22 March 2015 | s3276169
Visually driven film
Sword of Vengeance relies in large part on impressive visual elements to carry the film. That is not, however, necessarily a bad thing.
The director utilizes chiaroscuro, a technique that utilizes strong contrasts between light and dark throughout Sword of Vengeance. The result is a film imbued with a dark, menacing and rather stark feel. This aptly reflects post 1066 Britain. A world of drastic change and no small measure of oppression from the nations new rulers, the Normans.
Accompanying the strong visuals is a well synced, if at times annoying, electronic sound track.It suits the film but its intentionally jarring qualities are at times over stated.
What is by contrast, not well emphasized is the story line. The story is kept vague, I suspect quite intentionally, to reflect a lone stranger, action flick, reminiscent of the lone cowboy genre that Clint Eastwood is famous for. The main character is mysterious, brooding type who remains mostly, silent, throughout the film.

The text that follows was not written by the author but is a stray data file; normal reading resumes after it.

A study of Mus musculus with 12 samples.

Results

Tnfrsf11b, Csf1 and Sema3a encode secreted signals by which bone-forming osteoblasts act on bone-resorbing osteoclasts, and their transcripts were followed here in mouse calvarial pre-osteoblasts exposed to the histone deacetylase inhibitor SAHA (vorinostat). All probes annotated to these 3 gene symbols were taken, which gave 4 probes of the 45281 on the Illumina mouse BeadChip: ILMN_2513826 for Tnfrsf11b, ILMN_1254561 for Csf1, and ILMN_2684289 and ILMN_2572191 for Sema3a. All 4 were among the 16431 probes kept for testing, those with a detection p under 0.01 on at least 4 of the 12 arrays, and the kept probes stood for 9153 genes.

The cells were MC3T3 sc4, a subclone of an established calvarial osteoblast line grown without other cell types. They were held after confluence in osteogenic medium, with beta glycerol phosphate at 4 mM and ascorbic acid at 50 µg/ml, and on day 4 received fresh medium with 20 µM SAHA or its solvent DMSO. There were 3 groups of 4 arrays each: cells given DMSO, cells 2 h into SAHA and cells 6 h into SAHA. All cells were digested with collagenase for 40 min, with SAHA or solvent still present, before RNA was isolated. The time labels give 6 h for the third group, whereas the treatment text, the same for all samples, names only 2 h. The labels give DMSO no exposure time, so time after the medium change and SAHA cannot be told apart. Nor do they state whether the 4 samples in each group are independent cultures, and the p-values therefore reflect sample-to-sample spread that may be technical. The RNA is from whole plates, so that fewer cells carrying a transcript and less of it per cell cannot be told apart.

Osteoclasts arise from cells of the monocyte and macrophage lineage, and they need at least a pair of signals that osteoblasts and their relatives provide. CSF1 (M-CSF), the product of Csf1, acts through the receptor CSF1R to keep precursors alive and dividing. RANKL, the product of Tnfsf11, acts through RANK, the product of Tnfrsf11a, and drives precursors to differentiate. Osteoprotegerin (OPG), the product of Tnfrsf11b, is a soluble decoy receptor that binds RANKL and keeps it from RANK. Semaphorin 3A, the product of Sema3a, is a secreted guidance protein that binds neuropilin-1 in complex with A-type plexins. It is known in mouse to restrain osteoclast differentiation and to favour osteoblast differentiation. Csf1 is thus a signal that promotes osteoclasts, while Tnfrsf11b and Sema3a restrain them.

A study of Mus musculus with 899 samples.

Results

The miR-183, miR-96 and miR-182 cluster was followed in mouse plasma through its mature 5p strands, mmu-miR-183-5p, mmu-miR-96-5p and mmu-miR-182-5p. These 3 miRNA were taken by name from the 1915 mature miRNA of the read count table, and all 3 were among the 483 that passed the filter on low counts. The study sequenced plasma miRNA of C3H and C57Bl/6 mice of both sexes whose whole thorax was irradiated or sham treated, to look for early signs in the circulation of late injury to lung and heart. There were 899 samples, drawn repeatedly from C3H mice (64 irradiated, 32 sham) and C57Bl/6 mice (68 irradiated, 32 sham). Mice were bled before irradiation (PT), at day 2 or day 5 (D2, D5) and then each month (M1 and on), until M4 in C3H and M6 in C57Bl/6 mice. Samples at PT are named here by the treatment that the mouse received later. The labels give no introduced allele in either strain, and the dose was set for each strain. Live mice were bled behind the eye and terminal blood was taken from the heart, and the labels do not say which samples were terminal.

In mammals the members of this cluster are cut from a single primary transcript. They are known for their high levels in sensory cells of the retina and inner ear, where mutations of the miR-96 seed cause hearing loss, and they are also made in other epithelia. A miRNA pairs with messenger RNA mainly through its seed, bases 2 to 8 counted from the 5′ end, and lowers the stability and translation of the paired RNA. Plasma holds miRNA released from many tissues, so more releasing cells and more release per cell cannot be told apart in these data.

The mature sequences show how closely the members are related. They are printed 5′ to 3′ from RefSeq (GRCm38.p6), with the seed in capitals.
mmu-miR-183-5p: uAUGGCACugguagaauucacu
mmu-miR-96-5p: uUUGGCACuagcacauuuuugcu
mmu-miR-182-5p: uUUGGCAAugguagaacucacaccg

Indeed, there is not a lot of dialogue from any of the cast which actually works in this films favour. Its action driven and you get to know the characters, as the old saying goes, by their actions not their words. The fight scenes that are found throughout this title, are well choreographed with a feral, bloody quality. Certainly, this is not a film for the squeamish.
In summary Sword of Vengeance is a well rounded action film. Visuals aside its arguably very forgettable but at the same time its manages something that is quite difficult. A film that heavily exploits visual elements in place of dialogue and still succeeds in engaging the viewer. Seven out of ten from me.